Me, the week I learned to paint, 1998.
New Boston, New Hampshire Summer, 2021
When I first learned to paint on a vacation in Mexico, I was forty-two, had just had my fourth child, and was married to a man with two of his own. Aprils to Decembers, seven days a week, I ran a small garden center in a rural town in New Hampshire. I didn't have a lot of time to paint, but I was obsessed, and as soon as the garden center closed for the year, I'd set my paints and easel up in our kitchen and paint all winter. My husband and kids were very supportive. Generally they were proud of me and as tolerant of my mess as I was of theirs.
Fast forward eight years and the garden center was sold, the older kids went to college, and we started to spend more of the year in Morelia, a city in central Mexico. My husband was offered a university job there, our young daughter went to school, and I painted up a storm and attended art classes. In the summers we divided our time between New Hampshire and Matinicus Island, Maine where we have two summer rental properties. So each year, I'd paint in three different locations.
Fast forward again to recent years, and our older children have homes, partners, and kids of their own. We spend considerable time with all of them, my paints taking over space in a kitchen, guest room, porch, or basement. Not always ideal, but always doable.
And then COIVD. For the first time in the twenty-two years I've been painting, I painted for a whole year in one place. Because many people were suffering, it was hard to be blissful. On the other hand, I took full advantage of the opportunity, painting the better part of every day, and for the first time doing it in a studio -- my own newly-built studio on our Mexican rooftop. Wow.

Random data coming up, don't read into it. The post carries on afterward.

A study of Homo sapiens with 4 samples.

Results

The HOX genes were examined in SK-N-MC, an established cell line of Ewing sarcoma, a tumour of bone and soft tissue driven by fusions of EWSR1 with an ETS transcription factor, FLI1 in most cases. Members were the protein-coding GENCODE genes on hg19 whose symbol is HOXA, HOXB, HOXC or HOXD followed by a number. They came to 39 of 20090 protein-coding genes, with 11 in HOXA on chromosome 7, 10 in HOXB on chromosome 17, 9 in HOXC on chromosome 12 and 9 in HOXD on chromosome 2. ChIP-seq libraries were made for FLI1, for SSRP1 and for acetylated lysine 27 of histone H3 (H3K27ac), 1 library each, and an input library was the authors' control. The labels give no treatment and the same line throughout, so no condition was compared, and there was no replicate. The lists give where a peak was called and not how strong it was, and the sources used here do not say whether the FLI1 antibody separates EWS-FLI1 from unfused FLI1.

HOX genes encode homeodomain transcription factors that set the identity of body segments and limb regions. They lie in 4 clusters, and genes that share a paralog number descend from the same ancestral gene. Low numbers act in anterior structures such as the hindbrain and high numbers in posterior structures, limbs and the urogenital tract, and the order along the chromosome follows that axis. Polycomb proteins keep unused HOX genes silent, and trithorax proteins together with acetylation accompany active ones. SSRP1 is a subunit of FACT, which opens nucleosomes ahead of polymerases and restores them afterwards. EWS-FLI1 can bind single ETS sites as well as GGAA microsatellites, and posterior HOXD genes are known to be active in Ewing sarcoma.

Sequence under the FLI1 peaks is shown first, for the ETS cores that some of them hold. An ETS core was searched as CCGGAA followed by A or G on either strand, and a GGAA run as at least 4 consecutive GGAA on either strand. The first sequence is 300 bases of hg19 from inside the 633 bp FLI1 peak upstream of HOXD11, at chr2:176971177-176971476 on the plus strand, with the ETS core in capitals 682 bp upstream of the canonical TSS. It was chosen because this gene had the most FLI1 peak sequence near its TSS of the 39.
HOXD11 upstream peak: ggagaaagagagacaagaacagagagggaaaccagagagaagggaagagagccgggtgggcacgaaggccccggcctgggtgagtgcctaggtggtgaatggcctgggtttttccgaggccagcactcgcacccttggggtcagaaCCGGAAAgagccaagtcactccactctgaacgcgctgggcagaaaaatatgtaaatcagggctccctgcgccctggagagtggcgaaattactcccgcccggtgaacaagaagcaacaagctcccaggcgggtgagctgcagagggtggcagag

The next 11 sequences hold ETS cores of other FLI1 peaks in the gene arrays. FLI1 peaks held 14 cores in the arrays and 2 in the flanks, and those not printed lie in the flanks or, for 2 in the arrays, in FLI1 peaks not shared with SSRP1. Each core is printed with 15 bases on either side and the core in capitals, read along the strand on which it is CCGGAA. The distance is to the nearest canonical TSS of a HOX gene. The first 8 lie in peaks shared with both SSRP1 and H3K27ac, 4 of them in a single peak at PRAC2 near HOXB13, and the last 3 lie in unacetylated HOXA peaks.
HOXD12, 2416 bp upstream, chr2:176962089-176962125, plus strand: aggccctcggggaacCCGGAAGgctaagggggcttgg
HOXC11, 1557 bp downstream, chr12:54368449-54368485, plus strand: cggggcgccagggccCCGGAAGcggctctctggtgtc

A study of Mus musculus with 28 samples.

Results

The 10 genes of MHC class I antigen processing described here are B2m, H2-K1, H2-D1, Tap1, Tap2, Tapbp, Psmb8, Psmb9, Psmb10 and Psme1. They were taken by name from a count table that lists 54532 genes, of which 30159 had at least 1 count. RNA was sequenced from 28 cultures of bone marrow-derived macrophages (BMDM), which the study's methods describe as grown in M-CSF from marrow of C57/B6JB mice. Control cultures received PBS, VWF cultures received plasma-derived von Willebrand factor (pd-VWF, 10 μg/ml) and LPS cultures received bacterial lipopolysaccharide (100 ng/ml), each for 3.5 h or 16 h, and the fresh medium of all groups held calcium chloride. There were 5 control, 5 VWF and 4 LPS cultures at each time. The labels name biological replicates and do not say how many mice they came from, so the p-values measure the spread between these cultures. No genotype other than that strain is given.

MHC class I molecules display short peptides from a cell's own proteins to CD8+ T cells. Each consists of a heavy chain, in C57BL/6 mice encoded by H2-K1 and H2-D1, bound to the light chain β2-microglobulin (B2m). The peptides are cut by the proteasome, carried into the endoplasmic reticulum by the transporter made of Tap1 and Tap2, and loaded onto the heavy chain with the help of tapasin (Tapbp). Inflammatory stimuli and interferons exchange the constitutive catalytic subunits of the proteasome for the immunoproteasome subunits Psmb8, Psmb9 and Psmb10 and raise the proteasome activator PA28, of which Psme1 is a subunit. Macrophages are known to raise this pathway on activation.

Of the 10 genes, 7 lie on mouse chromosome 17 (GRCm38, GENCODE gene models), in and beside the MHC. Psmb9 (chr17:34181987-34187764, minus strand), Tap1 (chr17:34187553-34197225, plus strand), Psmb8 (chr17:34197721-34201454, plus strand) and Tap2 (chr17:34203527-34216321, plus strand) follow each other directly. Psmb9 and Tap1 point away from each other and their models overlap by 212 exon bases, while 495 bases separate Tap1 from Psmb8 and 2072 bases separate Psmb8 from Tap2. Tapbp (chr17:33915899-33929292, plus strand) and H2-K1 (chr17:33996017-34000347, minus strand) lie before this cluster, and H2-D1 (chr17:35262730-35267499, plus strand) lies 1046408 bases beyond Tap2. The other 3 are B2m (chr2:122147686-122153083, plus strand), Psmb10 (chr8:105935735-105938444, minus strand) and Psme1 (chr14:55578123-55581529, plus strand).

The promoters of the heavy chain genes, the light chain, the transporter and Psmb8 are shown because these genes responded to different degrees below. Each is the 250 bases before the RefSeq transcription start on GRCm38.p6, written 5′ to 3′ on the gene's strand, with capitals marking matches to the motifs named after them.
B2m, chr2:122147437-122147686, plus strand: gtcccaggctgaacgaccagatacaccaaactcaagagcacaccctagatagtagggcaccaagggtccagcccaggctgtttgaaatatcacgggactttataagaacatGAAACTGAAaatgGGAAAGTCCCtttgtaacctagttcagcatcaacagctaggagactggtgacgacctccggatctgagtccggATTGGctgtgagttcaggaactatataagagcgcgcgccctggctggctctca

But thanks to vaccines, since April, I'm back to seeing family, and I've painted in San Diego, Massachusetts, New Hampshire, and on Matinicus. I'll spend August painting in Colorado. And although I miss my studio, I'm also embracing what all the moves bring to my art. Each time I change locations there's a shift, a new idea. Having to make do with limited supplies and space provokes my creativity.
Although I can't find his exact quote, I credit the late artist Robert Genn with saying, "fall in love with your process." After twenty -some years, I understand mine and know how to live joyfully with it. I can come to any paper, canvas, or board wherever I land and make art with what I packed or what's on hand.
My biggest challenge is having my paintings in two different countries. For this reason, what's shown on this site is the artwork I can ship now. When I return to Mexico in October, this site will have the work I can ship from there.